FOR IMMEDIATE RELEASE (14 Feb. 2010)
CONTACT: William Boardman (802) 457-1782
[May be used as Op Ed or Letter to the Editor]
COURT PROPOSALS RUSHED AND WRONG SAYS PROBATE JUDGE
By William Boardman, Assistant Judge
WOODSTOCK - When an organization has 26 staff people doing the work usually assigned to 29 people, what would you expect that organization to do?
The answer, in the case of the Vermont Supreme Court, is to reduce the size of the staff to 21 without changing the total workload.
This is one of the many anomalies addressed by Probate Judge Ernest Tobias Balivet of Caledonia County, in the winter issue of the Vermont Bar Journal in a detailed analysis of the Supreme Court's proposals for re-shaping the Vermont court system.
Judge Balivet spoke out strongly last fall before the judicial commission when it was considering radical change for the state's probate's courts. Although he testified twice, the commission neither responded to his critique nor made any changes in what he described as their rushed and selective analysis. The Supreme Court adopted the commission report without further revision and forwarded it to the legislature, together with proposed legislation for implementing its controversial recommendations.
In his discussion of probate court personnel statewide, Judge Balivet notes that the probate staff in Caledonia has remained at two people for the past 30 years, whereas trial court positions have almost tripled, from four to eleven. He cites almost identical statistics for Franklin County.
For Vermont as a whole, Judge Balivet writes, 'probate staffing has remained largely stable, and trial court staffing has seen significant growth.'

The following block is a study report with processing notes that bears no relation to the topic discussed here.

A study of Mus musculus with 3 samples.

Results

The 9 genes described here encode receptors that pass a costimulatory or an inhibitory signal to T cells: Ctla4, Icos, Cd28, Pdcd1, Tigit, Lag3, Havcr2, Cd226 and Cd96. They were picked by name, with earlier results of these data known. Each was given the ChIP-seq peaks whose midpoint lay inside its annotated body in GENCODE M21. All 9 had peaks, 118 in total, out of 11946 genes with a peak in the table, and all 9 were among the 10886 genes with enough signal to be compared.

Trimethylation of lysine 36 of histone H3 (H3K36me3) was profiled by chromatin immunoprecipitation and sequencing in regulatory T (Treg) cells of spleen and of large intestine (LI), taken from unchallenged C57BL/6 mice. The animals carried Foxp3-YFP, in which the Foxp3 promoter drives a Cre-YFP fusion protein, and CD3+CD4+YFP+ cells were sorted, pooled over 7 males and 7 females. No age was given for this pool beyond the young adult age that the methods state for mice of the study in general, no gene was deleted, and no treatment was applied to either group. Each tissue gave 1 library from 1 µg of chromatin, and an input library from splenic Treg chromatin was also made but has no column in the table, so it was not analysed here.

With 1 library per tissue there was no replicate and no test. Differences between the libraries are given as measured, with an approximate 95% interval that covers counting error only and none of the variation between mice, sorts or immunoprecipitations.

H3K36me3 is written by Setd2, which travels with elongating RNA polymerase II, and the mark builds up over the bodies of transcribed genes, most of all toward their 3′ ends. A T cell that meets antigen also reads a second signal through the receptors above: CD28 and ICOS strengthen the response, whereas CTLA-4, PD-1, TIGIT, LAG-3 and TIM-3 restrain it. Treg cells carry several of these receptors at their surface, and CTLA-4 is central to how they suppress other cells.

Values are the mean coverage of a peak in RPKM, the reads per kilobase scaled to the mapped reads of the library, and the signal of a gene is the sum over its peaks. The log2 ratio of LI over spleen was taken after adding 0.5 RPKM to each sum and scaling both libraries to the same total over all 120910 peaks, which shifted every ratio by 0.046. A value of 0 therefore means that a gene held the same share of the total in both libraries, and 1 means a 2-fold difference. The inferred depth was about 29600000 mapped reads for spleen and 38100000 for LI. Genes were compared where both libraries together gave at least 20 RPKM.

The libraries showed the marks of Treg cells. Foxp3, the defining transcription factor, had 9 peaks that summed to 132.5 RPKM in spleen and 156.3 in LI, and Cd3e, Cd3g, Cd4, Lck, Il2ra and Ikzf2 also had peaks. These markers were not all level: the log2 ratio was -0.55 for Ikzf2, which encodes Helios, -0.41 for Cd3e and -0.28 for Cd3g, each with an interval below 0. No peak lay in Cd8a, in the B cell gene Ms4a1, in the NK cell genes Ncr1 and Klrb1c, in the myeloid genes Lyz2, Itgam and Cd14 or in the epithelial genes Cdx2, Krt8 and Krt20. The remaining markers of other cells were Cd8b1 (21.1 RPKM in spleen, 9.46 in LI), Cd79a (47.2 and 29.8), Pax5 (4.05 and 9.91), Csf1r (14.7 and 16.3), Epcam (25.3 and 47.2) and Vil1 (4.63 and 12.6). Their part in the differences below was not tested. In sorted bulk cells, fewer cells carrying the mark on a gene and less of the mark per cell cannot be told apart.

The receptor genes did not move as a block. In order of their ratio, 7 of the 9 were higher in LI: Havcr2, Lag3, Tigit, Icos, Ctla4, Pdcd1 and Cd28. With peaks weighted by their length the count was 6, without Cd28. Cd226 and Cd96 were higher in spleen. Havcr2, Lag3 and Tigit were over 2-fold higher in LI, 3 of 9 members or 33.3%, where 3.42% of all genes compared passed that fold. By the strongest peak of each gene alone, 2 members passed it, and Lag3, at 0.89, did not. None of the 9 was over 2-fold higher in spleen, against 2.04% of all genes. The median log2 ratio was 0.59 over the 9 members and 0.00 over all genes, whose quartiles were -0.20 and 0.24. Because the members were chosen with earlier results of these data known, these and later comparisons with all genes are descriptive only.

According to the Supreme Court's workload study in May 2009, probate court staff also work more hours than trial court staff. As Judge Balivet notes, the 'study indicates that probate staff statewide are handling 1,497 hours annually of case-related workload staff person.'
The same study found that probate staff work about 7 per cent more hours per year that trial court personnel, who work about 1,400 hours per person annually.
Judge Balivet notes that the Supreme Court failed to apply the same analysis to the trial courts that it applied to probate court. Had the Supreme Court made a comprehensive assessment of the judicial system, he argues, they would have found far greater and more credible savings in restructuring the trial courts.
For example, Judge Balivet points out that, if trial court personnel were expected to work 1,500 hours per year, as probate personnel already do, then the trial courts could function with significantly fewer personnel. In fact, he concludes, trial court personnel could be reduced from 171 employees to 159, producing a savings to the judiciary budget of $486,396.
This approach was formally not considered by the commission or the Supreme Court, and has not been proposed to the legislature.
What the court has proposed is to regionalize and consolidate Vermont's 14 probate courts under five probate judges statewide, even though their own workload study found that the workload demands at least six and a fraction judges. As a result of this anomaly, Judge Balivet argues, the Supreme Court's projected savings are highly inflated and speculative.
The judge goes on to point out that a similar analysis of the trial courts would produce projected savings in excess of $6 million. This analysis was not done by the commission and has not been done by the Supreme Court.
'The Commission engaged in the compound error of not attempting this analysis in the trial courts, and of applying it without understanding it methodologically to the probate courts,' Judge Balivet stated.